Disney Swears It Can Make Streaming Profitable and Promises a Combined Disney+, Hulu Service

Bob Iger believes. On a call with investors Wednesday, the Disney CEO said that the company’s goal is to make its streaming business profitable by the end of next year. A big component of that: A new service that combines Disney+ and Hulu, set to launch next spring.

This is a goal Disney has been working on for a while, ever since it launched its Netflix competitor Disney+ in 2019. The company has poured millions into acquiring subscribers, experimenting with ad-supported tiers and service bundles—various combinations of Disney+, Hulu, and ESPN+—and changing prices in a quest to lure viewers and keep them.

If Wednesday’s call is any indication, their plans are working. Disney+ added 7 million new subscribers in the last three months, most of them on ad-supported tiers, bringing the total worldwide subscriber base to 112 million. That may seem small compared to the 247 million customers Netflix boasts, but the gains look pretty good when considering Netflix added 9 million subscribers and Max (formerly HBO Max) lost 700,000 in the same amount of time.

Citing successes like The Kardashians and the Star Wars series Ahsoka, Iger said he was confident that Disney’s streaming offerings could hit profitability by the end of 2024, and “our recent performances solidifies that we’re on that path.”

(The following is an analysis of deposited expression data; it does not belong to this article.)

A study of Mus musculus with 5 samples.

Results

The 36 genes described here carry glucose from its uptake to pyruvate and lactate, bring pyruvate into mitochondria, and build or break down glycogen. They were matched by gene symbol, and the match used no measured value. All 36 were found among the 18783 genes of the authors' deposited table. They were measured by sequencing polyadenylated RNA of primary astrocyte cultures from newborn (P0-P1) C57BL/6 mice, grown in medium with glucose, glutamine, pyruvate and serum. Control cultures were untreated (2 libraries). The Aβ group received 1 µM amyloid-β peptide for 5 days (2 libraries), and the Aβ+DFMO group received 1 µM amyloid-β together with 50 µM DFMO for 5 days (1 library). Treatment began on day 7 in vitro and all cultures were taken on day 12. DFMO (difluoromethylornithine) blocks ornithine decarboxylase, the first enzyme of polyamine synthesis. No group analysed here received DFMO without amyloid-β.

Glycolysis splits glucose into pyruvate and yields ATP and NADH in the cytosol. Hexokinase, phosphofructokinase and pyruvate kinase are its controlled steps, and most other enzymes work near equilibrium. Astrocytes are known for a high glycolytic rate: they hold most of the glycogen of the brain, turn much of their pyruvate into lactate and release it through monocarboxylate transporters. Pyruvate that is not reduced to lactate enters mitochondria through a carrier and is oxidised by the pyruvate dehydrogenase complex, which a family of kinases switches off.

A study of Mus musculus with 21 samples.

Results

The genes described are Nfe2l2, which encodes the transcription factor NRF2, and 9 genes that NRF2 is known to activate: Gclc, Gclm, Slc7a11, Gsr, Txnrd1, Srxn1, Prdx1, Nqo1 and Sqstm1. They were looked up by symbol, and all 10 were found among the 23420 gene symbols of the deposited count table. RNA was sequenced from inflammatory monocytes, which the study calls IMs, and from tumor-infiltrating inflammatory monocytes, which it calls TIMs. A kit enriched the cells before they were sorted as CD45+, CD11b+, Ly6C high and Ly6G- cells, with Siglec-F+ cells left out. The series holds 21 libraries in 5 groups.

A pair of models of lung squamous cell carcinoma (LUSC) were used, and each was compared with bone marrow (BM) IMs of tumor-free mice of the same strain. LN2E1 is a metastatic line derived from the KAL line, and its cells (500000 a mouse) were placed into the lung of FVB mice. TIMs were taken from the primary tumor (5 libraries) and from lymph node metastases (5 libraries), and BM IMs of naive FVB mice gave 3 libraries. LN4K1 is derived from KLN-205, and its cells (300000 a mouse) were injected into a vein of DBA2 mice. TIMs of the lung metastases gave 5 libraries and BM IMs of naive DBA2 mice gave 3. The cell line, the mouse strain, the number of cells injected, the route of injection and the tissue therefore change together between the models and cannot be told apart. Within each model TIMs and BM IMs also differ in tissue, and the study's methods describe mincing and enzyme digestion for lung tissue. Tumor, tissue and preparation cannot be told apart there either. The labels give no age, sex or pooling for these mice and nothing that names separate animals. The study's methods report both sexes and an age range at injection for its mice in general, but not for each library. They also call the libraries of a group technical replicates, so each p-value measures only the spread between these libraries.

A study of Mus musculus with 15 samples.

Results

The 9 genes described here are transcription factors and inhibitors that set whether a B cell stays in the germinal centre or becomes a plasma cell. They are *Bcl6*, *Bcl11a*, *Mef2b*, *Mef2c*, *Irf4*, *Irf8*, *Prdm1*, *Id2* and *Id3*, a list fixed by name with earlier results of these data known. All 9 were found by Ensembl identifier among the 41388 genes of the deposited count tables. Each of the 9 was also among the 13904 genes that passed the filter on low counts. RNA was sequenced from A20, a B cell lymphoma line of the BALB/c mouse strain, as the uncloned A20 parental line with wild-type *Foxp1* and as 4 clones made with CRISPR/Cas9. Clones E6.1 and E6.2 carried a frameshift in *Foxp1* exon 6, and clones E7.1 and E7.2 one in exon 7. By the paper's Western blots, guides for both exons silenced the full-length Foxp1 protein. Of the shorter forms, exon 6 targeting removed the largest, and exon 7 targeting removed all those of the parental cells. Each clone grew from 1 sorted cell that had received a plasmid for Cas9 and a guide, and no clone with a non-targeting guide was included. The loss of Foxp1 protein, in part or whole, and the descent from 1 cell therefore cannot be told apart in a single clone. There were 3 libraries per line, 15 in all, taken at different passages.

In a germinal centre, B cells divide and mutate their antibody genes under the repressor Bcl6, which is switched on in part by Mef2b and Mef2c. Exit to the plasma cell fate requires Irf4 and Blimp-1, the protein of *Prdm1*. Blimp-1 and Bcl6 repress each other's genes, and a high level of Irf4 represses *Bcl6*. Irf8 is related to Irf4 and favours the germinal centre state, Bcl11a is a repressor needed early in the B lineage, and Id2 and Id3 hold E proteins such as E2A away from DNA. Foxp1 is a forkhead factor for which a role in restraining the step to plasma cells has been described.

Going into the investor call, Disney was facing a headwind. In August, the last time the Mouse House detailed quarterly earnings, it reported a loss of more than 11 million Disney+ subscribers worldwide. It had shed subscribers the quarter before, too. Overall, the streaming service lost $512 million that quarter, bringing total losses to $11 billion since the launch of Disney+ in 2019. At the time, the company said it would pivot from the expensive work of trying to attract new subscribers, and focus on more lucrative pricing structures.

That’s why on October 12, the cost of its ad-free plan jumped from $11 per month to $14. At the same time, Hulu’s prices rose from $15 per month to $18. Other streamers have made similar shifts. Last month, Netflix announced price hikes, while showing subscriber growth amidst password-sharing crackdowns. Apple TV+ also increased prices. Max has kept its prices pretty consistent, but hasn’t seen much in the way of subscriber gains.